Visiting the Smithsonian National Museum of American History and the National Gallery of Art today really opened my eyes to the challenges and absolute necessity of accessibility in exhibit and general building design. All of our experiences this week would have been vastly different if I had any accessibility issues in a museum that didn’t take its visitor experiences into account. Thankfully, all of the institutions we’ve visited so far have done exactly that.
I can’t imagine someone coming to these amazing institutions and being denied the complete, meaningful experience that I’ve been able to enjoy when I arrive in Washington each day. The Museum in the Morning program at the Smithsonian Institute stands out to me as an organization with programming that goes the extra mile to be a caring member of the community. Going beyond allowing families early access to the museums, they actively seek out families with that need.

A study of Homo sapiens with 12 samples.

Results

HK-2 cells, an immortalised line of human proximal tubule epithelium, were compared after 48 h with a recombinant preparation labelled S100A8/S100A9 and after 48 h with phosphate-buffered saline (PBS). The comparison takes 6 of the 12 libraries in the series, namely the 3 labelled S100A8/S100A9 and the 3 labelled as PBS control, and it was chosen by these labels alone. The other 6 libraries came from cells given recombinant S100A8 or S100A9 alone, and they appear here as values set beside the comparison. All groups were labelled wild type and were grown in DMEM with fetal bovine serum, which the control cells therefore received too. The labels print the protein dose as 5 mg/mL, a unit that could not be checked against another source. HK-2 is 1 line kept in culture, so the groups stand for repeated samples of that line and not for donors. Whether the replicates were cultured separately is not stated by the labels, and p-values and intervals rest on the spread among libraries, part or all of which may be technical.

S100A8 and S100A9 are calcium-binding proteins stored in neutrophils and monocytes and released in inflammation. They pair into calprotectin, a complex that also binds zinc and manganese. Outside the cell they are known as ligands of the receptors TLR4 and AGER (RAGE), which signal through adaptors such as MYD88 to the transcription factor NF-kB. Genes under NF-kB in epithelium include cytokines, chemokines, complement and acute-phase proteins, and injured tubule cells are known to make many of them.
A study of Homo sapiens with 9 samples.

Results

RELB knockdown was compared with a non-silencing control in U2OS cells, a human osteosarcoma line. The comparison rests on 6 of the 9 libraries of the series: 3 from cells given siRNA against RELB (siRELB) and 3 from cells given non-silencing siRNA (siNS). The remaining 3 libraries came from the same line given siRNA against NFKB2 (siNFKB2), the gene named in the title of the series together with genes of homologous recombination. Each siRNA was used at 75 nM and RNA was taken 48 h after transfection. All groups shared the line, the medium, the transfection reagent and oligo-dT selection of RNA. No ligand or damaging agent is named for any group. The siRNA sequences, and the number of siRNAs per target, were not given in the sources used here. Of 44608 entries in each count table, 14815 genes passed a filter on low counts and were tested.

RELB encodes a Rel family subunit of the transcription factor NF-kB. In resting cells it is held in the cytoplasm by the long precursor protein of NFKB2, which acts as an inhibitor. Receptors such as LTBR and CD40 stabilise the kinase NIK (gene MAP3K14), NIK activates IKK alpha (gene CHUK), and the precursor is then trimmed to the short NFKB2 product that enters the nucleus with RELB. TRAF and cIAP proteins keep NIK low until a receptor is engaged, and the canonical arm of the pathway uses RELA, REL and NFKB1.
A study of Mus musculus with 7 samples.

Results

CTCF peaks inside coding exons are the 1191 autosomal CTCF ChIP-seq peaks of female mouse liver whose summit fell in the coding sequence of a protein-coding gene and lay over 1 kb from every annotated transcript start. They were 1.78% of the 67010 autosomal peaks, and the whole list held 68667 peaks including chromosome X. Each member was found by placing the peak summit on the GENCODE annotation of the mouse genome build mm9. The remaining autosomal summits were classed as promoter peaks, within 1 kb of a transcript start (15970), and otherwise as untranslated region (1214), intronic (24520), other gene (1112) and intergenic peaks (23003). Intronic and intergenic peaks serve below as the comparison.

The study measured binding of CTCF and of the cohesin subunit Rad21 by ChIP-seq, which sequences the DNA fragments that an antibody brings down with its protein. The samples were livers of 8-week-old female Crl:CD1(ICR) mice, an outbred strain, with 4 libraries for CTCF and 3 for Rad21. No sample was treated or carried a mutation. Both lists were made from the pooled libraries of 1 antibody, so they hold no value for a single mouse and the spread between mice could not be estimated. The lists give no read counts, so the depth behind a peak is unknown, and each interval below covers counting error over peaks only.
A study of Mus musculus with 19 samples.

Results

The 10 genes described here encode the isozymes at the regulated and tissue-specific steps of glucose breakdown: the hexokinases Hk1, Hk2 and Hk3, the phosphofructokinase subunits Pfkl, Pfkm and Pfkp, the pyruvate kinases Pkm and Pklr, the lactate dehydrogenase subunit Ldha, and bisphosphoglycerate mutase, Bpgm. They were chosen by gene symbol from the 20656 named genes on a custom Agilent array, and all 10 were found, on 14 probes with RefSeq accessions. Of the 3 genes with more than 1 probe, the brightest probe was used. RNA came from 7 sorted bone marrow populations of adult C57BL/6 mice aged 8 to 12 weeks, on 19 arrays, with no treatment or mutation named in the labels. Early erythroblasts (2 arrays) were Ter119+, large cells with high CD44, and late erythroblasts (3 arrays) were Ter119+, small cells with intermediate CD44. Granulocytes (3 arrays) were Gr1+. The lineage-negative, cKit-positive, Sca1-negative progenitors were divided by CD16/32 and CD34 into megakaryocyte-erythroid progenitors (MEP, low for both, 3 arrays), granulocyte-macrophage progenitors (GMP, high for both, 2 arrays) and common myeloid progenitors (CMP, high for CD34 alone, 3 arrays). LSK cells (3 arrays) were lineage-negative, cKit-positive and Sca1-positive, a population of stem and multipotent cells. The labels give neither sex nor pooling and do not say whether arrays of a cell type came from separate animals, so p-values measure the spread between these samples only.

I think my biggest take away from today will be that accessibility goes beyond ADA requirements. It means trying your best to provide a quality experience for everyone who walks through the door. Accessibility should be on equal footing with other needs of the budget if we mean to serve our communities and be an active member of them.
Our visit to the National Gallery of Art, while not specifically about accessibility, just reinforced the need for accessible collections. If these museums, particularly our national museums, are truly for us, then we should all get to experience Picasso, Matisse, and Warhol.